You probably receive emails every month – maybe even every week – offering to sell you leads to help you boost your insurance business. There are hundreds, if not thousands, of companies nationwide selling leads. Many make big promises about how they can help drive more sales if you sign up for their lists.
What you rarely see are sites and services that will help you sell the leads you already have – ones you’re unable to use because they are:
- From individuals who live or work outside your primary service area;
- Seeking information about plans and coverage you don’t offer (maybe they’re shopping for auto insurance and you primarily sell health and Medicare coverage);
- Not timely (they may have come through a website via a form fill the prospect filled out weeks or even months ago).
It’s a terrible waste if you’re spending money to get a lead that won’t generate any income for you. However, it doesn’t have to work that way. You can turn your dead lead into a live lead for another broker by putting it up for sale.
Things to Consider
There are several ways to gauge if your “unwarranted” leads hold any value for someone else; these include:
Did the lead come in yesterday? Is it a month old? Is it older?
Do you have just a name and email of the prospect? That very likely is not enough to sell the lead.
Do you know the prospect’s gender, age, and/or net worth? The more you know, the greater the value of the lead.
Was the inquiry specific? Did the prospect say what plan(s) he or she is interested in? Again, the more you know, the greater the value of the lead.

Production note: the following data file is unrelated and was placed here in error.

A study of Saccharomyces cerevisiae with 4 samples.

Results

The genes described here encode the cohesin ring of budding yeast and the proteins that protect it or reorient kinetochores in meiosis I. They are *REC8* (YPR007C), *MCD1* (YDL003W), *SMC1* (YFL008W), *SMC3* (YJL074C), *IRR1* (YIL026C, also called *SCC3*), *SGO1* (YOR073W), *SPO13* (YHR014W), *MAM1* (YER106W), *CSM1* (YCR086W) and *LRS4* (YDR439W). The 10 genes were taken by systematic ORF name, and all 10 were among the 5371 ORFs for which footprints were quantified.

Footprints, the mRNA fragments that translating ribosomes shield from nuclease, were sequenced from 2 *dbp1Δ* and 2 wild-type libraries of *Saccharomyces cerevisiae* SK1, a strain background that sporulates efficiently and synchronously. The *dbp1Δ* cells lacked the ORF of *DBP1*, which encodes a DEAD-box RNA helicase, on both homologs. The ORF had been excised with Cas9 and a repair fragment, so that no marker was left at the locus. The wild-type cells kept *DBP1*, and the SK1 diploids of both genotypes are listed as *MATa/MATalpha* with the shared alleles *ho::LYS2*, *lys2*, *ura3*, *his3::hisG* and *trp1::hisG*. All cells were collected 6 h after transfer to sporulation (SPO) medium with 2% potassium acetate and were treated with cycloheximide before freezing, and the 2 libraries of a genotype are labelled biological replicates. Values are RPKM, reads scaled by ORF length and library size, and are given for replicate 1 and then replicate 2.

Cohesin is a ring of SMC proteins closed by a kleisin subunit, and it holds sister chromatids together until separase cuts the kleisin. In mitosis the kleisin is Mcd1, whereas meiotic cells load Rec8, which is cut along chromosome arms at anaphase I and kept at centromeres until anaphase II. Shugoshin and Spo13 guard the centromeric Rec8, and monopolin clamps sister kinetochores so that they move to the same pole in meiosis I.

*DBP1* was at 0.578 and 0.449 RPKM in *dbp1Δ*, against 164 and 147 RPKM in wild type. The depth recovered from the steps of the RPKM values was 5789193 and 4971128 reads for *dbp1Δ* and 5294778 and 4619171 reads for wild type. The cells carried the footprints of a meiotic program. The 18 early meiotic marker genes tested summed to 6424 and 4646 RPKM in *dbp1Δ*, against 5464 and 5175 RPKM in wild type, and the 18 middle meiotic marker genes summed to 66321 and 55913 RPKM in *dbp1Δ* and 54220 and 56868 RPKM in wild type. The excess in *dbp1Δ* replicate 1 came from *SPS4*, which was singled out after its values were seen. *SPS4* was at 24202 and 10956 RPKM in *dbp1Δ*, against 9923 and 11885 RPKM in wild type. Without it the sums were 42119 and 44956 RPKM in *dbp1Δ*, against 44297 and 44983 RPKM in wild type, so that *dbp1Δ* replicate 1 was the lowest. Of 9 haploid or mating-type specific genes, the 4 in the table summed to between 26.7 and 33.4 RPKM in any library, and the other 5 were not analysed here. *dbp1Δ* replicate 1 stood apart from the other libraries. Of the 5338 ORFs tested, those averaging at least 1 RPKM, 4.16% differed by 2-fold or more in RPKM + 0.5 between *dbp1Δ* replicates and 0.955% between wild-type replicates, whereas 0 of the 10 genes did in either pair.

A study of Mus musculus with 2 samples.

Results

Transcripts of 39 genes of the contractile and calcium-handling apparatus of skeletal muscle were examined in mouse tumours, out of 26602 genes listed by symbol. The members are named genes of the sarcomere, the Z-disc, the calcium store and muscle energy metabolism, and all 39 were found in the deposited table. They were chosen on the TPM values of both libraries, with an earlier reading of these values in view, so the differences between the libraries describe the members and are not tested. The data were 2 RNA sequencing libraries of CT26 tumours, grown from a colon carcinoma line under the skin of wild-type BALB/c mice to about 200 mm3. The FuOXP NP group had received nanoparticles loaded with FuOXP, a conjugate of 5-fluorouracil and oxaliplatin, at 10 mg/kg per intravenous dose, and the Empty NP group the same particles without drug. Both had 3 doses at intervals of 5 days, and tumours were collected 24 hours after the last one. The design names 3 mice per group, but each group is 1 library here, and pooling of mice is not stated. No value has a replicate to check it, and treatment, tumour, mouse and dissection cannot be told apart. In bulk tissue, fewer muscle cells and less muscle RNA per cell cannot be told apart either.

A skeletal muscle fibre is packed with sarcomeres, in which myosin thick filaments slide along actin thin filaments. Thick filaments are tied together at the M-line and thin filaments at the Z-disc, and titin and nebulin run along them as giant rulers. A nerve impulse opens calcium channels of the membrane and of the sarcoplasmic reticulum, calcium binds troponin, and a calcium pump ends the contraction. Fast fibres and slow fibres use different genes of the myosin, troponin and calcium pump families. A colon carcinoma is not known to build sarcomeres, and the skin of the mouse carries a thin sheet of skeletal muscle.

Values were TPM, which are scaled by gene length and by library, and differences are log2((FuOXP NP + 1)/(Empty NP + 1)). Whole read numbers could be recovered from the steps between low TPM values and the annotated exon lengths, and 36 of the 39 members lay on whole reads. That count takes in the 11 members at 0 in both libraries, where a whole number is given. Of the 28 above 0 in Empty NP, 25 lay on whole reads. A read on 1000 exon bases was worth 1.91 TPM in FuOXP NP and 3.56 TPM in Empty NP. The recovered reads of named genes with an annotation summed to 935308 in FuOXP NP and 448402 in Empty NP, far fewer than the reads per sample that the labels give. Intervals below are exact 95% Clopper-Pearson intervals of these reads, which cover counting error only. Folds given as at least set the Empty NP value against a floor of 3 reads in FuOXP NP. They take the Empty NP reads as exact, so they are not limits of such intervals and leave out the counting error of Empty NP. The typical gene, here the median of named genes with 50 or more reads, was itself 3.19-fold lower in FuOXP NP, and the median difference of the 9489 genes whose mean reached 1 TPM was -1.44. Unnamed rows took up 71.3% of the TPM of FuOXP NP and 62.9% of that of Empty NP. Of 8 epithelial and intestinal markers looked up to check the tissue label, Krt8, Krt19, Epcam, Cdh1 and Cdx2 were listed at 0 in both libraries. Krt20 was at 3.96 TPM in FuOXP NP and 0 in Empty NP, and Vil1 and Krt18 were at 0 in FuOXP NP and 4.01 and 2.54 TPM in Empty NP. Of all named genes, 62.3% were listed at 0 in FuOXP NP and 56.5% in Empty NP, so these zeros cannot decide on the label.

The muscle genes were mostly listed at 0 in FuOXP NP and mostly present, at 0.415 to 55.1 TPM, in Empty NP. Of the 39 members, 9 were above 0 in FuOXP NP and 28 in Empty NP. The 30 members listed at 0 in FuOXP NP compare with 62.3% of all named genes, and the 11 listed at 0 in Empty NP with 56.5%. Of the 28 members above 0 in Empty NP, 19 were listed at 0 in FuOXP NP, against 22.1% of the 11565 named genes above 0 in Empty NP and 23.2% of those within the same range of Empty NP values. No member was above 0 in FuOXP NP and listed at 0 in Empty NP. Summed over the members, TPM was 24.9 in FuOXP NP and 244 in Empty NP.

Do you have many unwarranted leads each year or just a few?
There are many lead brokers and avenues to sell the leads you’re unable to handle. The key is selling them while they’re still warm (or, better yet, hot).
A lead broker manages and rents leads to interested parties. You may already be using a broker with your current prospecting efforts, whether you’re online or using direct mail. Often, prospects, current clients, past clients, and referrals (from current and past clients) are great sources of additional leads. Typically, a lead broker will only be interested in a larger quantity of names, rather than a handful.
If you belong to a local or regional association of health underwriters, you may want to set up a relationship to share, trade, or sell leads with others who are focused on different market segments.
For example, if you sell mostly Individual and Family Plan (IFP) coverage, perhaps you can partner with a broker focused on Medicare. Maybe you know a P&C (property and casualty) producer with whom you could trade or sell leads.
It does take time to build and nurture a working relationship, but the payoff can be big.
Always remember, you’ll build trust with quality leads (and, conversely, undermine that trust if your leads are old or incomplete).
Online Lead Exchanges:
There are also open markets, where you can sell and buy leads from other insurance brokers. The key to success is freshness; your leads need to be current/recent – not something from last year’s Medicare Annual Enrollment Period or ACA Open Enrollment.
The quality you’ll find depends on the lead network and the company with which you’re working. Do research and ensure the leads have a good reputation and people are closing them.
Set Realistic Goals
Be realistic about your expectations if you decide to sell – or buy – leads on your own or through an exchange. If your leads are good, and you have a flow about how many you want to sell, you can turn those unwarranted or unworkable leads into something that another broker wants . . . and something that would otherwise go to waste.
Make sure you capture as much information from your prospects/leads as possible. The more information you have, the greater the value of your lead, and the more you can make by selling it to another broker.
Do you have experience selling insurance leads? Share your thoughts here.